It gives local bus drivers wage and benefit parity with Metro, averts strike during Metro shutdown.

The Amalgamated Transit Union Local 689, representing DASH bus drivers, reached a tentative agreement with DASH management on Saturday, May 18, boosting drivers’ wages and benefits and avoiding a strike.

The agreement, which DASH drivers have yet to ratify, would make DASH wages and benefits comparable to Metro’s. It’d also avoids a strike, which the union said it would undertake in conjunction with the summer shutdown of Alexandria’s Metrorail stations, beginning this week. DASH’s routes will serve as a transit alternative for thousands of displaced Metro commuters.

Chris Townsend, a union organizer, expects members will approve the deal when they vote on it this Wednesday, as the Gazette Packet goes to press. The union’s bargaining committee, which includes several drivers, unanimously recommended ratification.

Fighting for a pay bump and improved benefits, drivers began collective bargaining earlier this year, after a vote to unionize in November.

Starting and top pay at DASH are among the lowest among regional bus services. It also takes 20 years to reach top pay at DASH, compared to seven at Metrobus. Two-thirds of DASH drivers have to work overtime or a second job to make ends meet, according to the union’s John Ertl.

To match Metrobus, the new agreement would raise starting hourly pay at DASH from $17 to $21.32 and top pay from $29 to $32.80, effective Sunday, May 26, according to the union. Drivers would also get a half-percent pay rate bump each year for the next three years. DASH drivers would now be able to reach top pay in seven years.

“The wage parity was the huge part of us wanting to be in the union. Being a driver, you have lives at stake both inside and outside the bus. They [Metro] get paid well enough and we should get paid too. This DMV [District of Columbia, Maryland, Northern Virginia] area is very expensive to live in. How come I can work in this city but I can’t afford to live in the city?” said former DASH employee Latanya Robinson.

Under the new agreement, DASH would automatically contribute eight percent of gross wages to full-time drivers’ 401(k) retirement accounts, which the union says effectively compares to Metro’s pension. DASH’s current defined contribution plan offers employer matching, though the union says low wages make it hard for employees to contribute in the first place.

By year’s end DASH would begin contributing to employee accounts for post-retirement health care coverage. DASH’s annual contribution would start at $150 in 2019 and rise to $500 by 2022. The new arrangement would allow drivers to convert unused sick leave to incremental durations of post-retirement health insurance coverage.

Retirees could also cash in up to 120 hours of unused sick leave.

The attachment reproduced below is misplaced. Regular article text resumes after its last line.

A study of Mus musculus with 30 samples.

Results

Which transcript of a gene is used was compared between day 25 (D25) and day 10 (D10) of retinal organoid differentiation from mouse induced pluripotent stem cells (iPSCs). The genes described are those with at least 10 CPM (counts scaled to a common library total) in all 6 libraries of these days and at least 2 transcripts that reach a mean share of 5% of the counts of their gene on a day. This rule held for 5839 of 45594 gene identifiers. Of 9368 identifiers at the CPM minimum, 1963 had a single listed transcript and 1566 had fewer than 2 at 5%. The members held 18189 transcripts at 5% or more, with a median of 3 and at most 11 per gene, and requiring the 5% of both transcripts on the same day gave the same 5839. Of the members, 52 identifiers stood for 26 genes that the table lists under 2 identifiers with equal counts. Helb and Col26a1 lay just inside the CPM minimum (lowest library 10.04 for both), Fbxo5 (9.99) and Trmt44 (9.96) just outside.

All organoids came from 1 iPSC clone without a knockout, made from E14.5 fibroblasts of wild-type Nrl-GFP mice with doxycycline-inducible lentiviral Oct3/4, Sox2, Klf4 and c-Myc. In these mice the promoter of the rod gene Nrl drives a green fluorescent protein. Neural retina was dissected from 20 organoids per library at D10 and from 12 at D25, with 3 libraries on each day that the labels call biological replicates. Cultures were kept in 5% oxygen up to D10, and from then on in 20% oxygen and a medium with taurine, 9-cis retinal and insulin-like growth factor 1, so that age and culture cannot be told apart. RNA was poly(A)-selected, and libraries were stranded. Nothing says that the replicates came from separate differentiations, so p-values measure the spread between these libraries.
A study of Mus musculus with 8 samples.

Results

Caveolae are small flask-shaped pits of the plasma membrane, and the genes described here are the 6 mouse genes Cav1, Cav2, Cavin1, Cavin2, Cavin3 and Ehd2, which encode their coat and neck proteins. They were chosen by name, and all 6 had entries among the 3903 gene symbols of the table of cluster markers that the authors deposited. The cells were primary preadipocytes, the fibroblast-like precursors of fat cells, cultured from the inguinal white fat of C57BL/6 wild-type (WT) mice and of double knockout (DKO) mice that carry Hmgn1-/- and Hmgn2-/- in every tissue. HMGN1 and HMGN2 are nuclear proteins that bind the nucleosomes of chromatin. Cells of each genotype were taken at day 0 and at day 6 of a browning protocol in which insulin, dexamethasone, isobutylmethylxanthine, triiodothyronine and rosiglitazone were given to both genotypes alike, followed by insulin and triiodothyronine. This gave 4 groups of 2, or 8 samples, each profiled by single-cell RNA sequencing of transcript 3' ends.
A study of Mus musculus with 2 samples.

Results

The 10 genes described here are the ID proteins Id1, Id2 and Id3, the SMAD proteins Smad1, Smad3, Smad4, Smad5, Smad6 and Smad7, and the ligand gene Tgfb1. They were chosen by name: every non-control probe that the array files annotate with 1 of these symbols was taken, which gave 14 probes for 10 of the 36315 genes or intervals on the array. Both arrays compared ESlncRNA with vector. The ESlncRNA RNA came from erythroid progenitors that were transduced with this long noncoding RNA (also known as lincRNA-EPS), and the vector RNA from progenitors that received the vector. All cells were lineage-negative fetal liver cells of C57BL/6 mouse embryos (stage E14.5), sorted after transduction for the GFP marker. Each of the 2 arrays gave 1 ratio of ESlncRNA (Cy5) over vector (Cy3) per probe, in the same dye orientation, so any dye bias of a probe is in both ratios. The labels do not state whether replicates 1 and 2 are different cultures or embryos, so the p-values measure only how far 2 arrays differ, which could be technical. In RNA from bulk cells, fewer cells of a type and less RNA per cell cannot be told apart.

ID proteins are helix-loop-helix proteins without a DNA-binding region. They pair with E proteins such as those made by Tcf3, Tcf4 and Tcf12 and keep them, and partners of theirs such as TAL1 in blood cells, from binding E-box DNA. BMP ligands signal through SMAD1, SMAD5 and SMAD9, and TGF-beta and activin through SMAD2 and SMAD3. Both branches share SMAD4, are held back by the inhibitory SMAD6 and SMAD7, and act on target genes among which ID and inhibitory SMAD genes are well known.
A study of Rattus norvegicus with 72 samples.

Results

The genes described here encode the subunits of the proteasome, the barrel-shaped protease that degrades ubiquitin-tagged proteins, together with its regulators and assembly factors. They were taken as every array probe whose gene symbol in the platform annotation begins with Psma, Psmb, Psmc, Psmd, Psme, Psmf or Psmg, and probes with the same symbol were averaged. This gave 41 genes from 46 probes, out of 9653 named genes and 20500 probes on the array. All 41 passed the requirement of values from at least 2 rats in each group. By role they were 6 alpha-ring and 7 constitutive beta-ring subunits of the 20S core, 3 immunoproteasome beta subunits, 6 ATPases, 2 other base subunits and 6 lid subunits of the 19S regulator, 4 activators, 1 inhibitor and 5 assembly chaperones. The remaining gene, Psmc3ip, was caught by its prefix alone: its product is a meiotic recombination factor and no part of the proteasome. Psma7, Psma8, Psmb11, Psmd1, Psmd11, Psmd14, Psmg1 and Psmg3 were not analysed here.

City Manager Mark Jinks will recommend to council next month how to fund the new contract. Though City Council’s recently adopted FY 2020 budget didn’t include additional funds for this purpose, council can make an amendment of allocation outside the budget process.

The deal would also establish a new employee discipline and grievance process. Currently, employees may request (and help pay for) a “Neutral Party Review,” which yields non-binding recommendations for management’s consideration. The new process would culminate in independent arbitration.

The pending agreement would offer two recently terminated DASH drivers — Robinson and Yonas Aemiro — reinstatement. DASH fired Robinson for failing to follow a dispatcher’s instructions relating to bus parking, among other things, and Aemiro for not returning on time from vacation. Union officials think the firings were retaliatory, since both Robinson and Aemiro served as official observers during the drivers’ November unionization vote. In April, the union filed Unfair Labor Practice charges with the National Labor Relations Board to that effect, alleging also that the firings meant “to discourage union activities and/or membership.”

Prior to Saturday's tentative agreement, a neutral party review found Robinson’s termination "was not a 'fair and reasonable' response” to her infractions and recommended “she be reinstated to her position.”

Asked last week to comment on the reviewer’s findings, DASH General Manager Josh Baker said he couldn’t discuss personnel matters. But he added: “The rights of all of our employees has always been, and always will be at the core of our values.”

“We all felt that her [ Robinson’s] firing was a shot at us,” said Tyler Boos, a 3-year DASH employee and union bargaining committee member. “I definitely had a more strained relationship with management. It would appear that some opportunities to maybe advance in the company had dried up. I don’t think they plan on promoting me any time soon.”

“I’m elated about the whole process,” said Robinson. “I’m glad that I got my job back.”

“We had an incredible support network from the [union],” said Boos.

At the same time, the union has cautioned that it still wants to see more systemic changes.

"[DASH] does whatever it wants, almost no oversight by the city,” Townsend told the Alexandria Democratic Committee’s Labor Caucus on Wednesday, May 15. “I truly think that the city needs to put the DASH corporation in trusteeship, fire the general manager, fire his assistant, and really investigate” DASH’s management history.

DASH, though owned and mostly funded by City Council, as well as governed by a council-appointed board, is an independent nonprofit.

“I’m pleased that they were able to reach an agreement that allows us to continue to provide a high level of service to our residents and support our drivers,” said Mayor Justin Wilson. Though asked to comment on council’s responsibility for DASH, neither he nor other council members responded.